With exoplanets now being discovered by the thousands, and estimated to be in the billions in our galaxy alone, attention is naturally turning to how astronomers might be able to search for evidence of life on any of those far-away worlds. Now, a team of scientists is taking a novel approach to doing just that, by creating a colorful catalog of reflection signatures of various life forms on Earth. The new database and research was just published in the March 16 Proceedings of the National Academy of Sciences.
From the abstract:
“Our database covers the visible and near-infrared to the short-wavelength infrared (0.35–2.5 µm) portions of the electromagnetic spectrum and is made freely available from biosignatures.astro.cornell.edu. Our results show how the reflectance properties are dominated by the absorption of light by pigments in the visible portion and by strong absorptions by the cellular water of hydration in the infrared (up to 2.5 µm) portion of the spectrum. Our spectral library provides a broader and more realistic guide based on Earth life for the search for surface features of extraterrestrial life. The library, when used as inputs for modeling disk-integrated spectra of exoplanets, in preparation for the next generation of space-and ground-based instruments, will increase the chances of detecting life.”
“This database gives us the first glimpse at what diverse worlds out there could look like. We looked at a broad set of life-forms, including some from the most extreme parts of Earth,” said Lisa Kaltenegger, professor of astronomy and director of Cornell University’s new Institute for Pale Blue Dots.
“Much of the history of life on Earth has been dominated by microbial life,” as noted in the paper. “It is likely that life on exoplanets evolves through single-celled stages prior to multicellular creatures. Here, we present the first database for a diverse range of life – including extremophiles (organisms living in extreme conditions) found in the most inhospitable environments on Earth – for such surface features in preparation for the next generation of telescopes that will search for a wide variety of life on exoplanets.”
The new database is free to use by other researchers.
The interdisciplinary research team also includes lead author and astronomer Siddharth Hegde of the Max Planck Institute for Astronomy and biologists Ivan G. Paulino-Lima, Ryan Kent, and Lynn Rothschild, all from NASA Ames Research Center. The PNAS article is titled “Surface Biosignatures of Exo-Earths: Remote Detection of Extraterrestrial Life.”
Basically, scientists can measure and analyze the light coming off of the surface of an exoplanet. As known on Earth, various types of life, largely microscopic, give off distinct spectral signatures. The makeup of putative extraterrestrial life forms could be determined by studying the color(s) of their pigmentation.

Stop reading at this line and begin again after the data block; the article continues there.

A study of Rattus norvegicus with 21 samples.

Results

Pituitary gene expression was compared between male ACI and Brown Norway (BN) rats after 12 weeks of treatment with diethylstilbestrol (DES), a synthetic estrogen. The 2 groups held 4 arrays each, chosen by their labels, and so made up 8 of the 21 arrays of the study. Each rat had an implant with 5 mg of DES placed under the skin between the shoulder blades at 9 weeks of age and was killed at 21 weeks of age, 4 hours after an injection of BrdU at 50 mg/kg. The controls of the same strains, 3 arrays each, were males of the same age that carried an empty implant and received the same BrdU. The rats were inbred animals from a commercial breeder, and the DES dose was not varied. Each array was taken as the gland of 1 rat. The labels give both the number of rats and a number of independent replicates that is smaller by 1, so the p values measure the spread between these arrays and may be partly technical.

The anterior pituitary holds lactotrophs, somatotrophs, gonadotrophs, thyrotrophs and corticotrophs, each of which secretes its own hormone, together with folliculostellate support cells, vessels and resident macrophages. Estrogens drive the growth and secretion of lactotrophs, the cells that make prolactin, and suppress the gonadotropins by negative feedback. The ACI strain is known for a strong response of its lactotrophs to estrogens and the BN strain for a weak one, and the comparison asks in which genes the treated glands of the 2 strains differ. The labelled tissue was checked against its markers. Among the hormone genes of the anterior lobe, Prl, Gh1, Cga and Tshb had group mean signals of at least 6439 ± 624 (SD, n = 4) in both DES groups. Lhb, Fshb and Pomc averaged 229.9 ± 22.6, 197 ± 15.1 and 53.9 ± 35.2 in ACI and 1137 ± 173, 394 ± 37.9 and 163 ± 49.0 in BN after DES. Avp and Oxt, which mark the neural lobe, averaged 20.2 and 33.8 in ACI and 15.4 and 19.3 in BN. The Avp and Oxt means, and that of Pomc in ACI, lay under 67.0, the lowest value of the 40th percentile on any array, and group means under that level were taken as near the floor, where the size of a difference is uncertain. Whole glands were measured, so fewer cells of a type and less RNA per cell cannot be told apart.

“On Earth these are just niche environments, but on other worlds, these life-forms might just have the right make to dominate, and now we have a database to know how we could spot that,” said Kaltenegger.
There are currently cultures of 137 different cellular life forms in the database, ranging from Bacillus gathered at the Sonoran Desert to Halorubrum chaoviator found at Baja California, Mexico, to Oocystis minuta, obtained in an oyster pond at Martha’s Vineyard.
“Our results show the amazing diversity of life that one can detect remotely on exoplanets,” said Hegde. “We explore for the first time the reflection signatures of a diversity of pigmented microorganisms isolated from various environments on Earth – including extreme ones – which will provide a more broad guide, based on Earth life, for the search for surface features of extraterrestrial life.”
Previous NASA studies have shown that alien planet life could come in a variety of colors, not just the predominantly green that we are familiar with on Earth.
“We can identify the strongest candidate wavelengths of light for the dominant color of photosynthesis on another planet,” said Nancy Kiang, lead author of the study and a biometeorologist at NASA’s Goddard Institute for Space Studies, New York.
“This work broadens our understanding of how life may be detected on Earth-like planets around other stars, while simultaneously improving our understanding of life on Earth,” said Carl Pilcher, director of the NAI at NASA Ames. “This approach – studying Earth life to guide our search for life on other worlds – is the essence of astrobiology.”
Depending on the type of light coming from a host star and the chemistry of a planet’s atmosphere, the coloring of plant life on other worlds may vary greatly. On Earth, most plants appear green because they absorb more blue and red light from the Sun, but less green light.
“It makes one appreciate how life on Earth is so intimately adapted to the special qualities of our home planet and Sun,” said Kiang.
“This work will help guide designs for future space telescopes that will study extrasolar planets, to see if they are habitable, and could have alien plants,” said Victoria Meadows, an astronomer who heads the Virtual Planet Laboratory (VPL).
Despite the vast distances to other planetary systems, techniques such as these – using something as basic and fundamental as color – may help astronomers to find the first evidence for life on other worlds outside of our Solar System.